The DC universe has struggled for a long time. It may be unfair to compare it to Marvel but they are the standard in cinematic universes and for superhero films. Black Adam has been praised by those dissecting the trailers as a rebirth for the DCEU. We recently had a chance to screen the film early and have thoughts on how it stands against the other DC films and the overall superhero world. Check out the trailer and synopsis before the review.
In ancient Kahndaq, Teth Adam was bestowed the almighty powers of the gods. After using these powers for vengeance, he was imprisoned, becoming Black Adam. Nearly 5,000 years have passed, and Black Adam has gone from man to myth to legend. Now free, his unique form of justice, born out of rage, is challenged by modern-day heroes who form the Justice Society: Hawkman, Dr. Fate, Atom Smasher and Cyclone.
“The Rock” has been the primary attention and cast member that Warner Bros and the marketing department have focused on to get people hyped about the new film. As the title character, the hope was his general appeal would draw more viewers to see the film and perhaps reignite the DCEU. The film has connections to Shazam and the mystics behind the power. Though it’s more or less isolated from the broader set of films in the DC world. Though there are 2 characters that connect to other films, their presence is so brief we quickly forget them.
The film does introduce us to the Justice Society in the form of Hawkman, Dr. Fate, Atom Smasher, and Cyclone. What makes this hard to work is that we have not had any films or backstories with these characters prior to this so it feels like we have too many superheroes in one film and no real context. Granted I am making this statement from the point of view of someone who hasn’t read any of the comics. I can’t help but compare Dr. Fate (Pierce Brosnan) to Dr. Stange. The lack of the previous backstory with the characters made me care very little for any of them.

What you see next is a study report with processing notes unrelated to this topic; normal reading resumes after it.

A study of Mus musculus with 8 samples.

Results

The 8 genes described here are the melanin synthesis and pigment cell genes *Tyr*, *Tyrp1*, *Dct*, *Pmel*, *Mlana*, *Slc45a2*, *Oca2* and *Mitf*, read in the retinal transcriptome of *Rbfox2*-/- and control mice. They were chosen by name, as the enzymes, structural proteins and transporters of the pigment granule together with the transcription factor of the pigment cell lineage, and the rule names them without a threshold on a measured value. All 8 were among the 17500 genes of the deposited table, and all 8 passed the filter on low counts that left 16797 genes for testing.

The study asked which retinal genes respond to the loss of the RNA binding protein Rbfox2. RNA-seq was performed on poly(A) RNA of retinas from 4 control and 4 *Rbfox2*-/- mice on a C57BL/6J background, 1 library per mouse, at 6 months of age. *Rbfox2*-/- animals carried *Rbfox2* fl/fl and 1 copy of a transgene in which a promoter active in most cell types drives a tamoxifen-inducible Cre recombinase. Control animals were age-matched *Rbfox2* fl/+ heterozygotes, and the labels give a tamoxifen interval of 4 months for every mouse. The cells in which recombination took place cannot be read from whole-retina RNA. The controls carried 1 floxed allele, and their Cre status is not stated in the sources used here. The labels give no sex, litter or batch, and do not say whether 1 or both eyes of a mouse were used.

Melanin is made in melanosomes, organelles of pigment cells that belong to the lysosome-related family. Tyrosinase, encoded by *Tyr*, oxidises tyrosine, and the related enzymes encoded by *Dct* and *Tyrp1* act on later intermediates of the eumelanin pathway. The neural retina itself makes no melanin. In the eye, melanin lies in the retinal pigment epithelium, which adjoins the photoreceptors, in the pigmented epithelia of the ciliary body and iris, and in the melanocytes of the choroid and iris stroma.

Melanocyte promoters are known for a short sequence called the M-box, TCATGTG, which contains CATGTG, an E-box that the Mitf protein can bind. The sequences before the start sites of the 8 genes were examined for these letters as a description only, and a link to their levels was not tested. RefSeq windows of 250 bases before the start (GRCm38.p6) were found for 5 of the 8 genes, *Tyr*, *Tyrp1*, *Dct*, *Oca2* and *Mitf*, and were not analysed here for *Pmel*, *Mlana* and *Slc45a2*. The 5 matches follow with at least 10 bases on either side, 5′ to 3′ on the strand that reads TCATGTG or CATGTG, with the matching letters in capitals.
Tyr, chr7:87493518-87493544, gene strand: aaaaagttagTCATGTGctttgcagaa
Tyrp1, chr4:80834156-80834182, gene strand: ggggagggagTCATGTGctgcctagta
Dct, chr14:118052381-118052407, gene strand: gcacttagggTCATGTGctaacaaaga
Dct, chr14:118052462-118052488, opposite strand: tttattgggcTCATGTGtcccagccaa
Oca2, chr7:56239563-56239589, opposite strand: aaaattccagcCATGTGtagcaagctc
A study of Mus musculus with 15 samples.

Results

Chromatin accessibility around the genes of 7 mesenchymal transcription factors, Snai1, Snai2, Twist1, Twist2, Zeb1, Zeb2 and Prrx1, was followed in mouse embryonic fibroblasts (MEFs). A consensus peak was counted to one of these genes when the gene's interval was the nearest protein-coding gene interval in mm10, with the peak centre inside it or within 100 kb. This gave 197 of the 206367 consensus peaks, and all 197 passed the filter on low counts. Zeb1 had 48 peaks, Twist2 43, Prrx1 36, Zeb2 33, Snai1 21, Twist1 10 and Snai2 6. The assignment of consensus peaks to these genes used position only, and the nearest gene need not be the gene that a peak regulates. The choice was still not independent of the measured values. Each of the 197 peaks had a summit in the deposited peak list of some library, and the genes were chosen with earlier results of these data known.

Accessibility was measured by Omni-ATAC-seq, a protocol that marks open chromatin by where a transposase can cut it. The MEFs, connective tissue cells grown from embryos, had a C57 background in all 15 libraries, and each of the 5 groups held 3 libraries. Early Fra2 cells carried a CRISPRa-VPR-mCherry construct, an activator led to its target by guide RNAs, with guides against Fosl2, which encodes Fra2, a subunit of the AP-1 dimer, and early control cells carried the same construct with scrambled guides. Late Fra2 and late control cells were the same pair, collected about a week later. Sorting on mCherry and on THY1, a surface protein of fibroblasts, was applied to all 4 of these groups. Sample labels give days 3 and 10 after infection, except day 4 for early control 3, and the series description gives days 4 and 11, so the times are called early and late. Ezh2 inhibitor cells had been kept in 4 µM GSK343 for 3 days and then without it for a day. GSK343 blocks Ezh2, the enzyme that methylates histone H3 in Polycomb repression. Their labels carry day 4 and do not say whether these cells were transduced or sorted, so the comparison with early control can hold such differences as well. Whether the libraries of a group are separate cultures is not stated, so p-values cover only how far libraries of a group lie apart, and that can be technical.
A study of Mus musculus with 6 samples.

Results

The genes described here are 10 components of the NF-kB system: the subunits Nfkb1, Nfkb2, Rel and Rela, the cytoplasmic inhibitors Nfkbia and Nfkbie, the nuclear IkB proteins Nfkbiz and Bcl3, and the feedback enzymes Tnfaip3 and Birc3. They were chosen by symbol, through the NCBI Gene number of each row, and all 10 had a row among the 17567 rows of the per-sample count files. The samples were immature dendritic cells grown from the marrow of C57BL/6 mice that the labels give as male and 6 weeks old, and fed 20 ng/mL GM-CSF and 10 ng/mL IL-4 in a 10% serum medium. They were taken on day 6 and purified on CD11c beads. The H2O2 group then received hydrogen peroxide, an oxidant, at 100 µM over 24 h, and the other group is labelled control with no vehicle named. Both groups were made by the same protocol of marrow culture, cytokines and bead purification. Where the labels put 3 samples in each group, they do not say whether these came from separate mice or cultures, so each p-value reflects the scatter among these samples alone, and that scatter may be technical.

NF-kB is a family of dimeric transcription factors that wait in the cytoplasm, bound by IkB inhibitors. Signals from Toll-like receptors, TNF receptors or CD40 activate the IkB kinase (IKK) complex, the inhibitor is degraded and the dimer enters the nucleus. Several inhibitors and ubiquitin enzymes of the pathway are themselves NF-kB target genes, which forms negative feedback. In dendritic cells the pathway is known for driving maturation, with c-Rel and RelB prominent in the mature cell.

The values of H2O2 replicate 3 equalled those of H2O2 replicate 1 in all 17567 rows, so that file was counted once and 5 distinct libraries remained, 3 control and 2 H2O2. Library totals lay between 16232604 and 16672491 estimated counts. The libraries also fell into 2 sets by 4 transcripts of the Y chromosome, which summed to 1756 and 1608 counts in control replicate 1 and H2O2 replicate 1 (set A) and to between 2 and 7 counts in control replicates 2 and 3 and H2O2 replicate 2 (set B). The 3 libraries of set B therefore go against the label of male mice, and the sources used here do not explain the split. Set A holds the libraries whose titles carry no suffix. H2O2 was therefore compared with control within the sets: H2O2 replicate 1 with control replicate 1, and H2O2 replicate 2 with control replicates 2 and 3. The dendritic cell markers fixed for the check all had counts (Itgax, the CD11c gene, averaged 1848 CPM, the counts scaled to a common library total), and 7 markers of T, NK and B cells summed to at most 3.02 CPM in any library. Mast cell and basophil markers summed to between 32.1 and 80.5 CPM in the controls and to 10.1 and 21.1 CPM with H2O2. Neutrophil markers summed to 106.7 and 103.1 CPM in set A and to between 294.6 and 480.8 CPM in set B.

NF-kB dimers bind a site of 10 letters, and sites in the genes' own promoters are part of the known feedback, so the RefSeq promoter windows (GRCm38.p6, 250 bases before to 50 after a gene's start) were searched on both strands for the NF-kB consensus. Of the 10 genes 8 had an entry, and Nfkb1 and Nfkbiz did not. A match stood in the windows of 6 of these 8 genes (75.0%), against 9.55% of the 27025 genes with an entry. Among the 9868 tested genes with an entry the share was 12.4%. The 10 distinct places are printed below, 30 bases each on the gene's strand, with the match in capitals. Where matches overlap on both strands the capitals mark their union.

So moving past the DCEU and how the film connects to any of it, let’s now go to the meat of Black Adam itself. Much like another superhero film, this takes place in a far-off land, that had access to supernatural power, and of course, someone abused it. Fast forward to modern times, and the country continues to be ruled by outside invaders. The film tries hard to push the idea that they are oppressed people but we barely get any indication of what that means or even see the ‘big bad invaders’ show off anything beyond a few barricades. Instead, the film meanders its way through a confusing mix of big bads, including one so obviously, they should have done the whole Southlands to Mordor text transition on screen as they did for Rings of Power to beat us over the head with the obvious.
Like many previous DC films before it, the pacing of the film and its story is very lopsided to the last quarter of the film. There came a point during the film that we assumed the film was done and over, and suddenly realized we had 30 min still. It wasn’t until the last 30 min that the larger plot actually unfolded to reveal the enemy. The Rock is likable enough as Black Adam, though it’s clear the role muted his otherwise strong presence on the screen a lot. Overall it’s an okay superhero film by DC standards, certainly better than a large portion of DC films. But it won’t really hold its own in the larger superhero film landscape.
Like any good superhero film, stick around for the post-credit scene. The film also appeared to be shot with a somewhere washed-out appearance. I don’t know if that was a directorial artistic choice or if the projectionist at our screening didn’t have things set up correctly (we asked but they never confirmed). You will see elements of 300-style filming and then other parts that remind you of the Snyder cut style directing throughout the film but it never seems to settle on what it wants to be when it grows up.
Black Adam hits theatres on October 21st.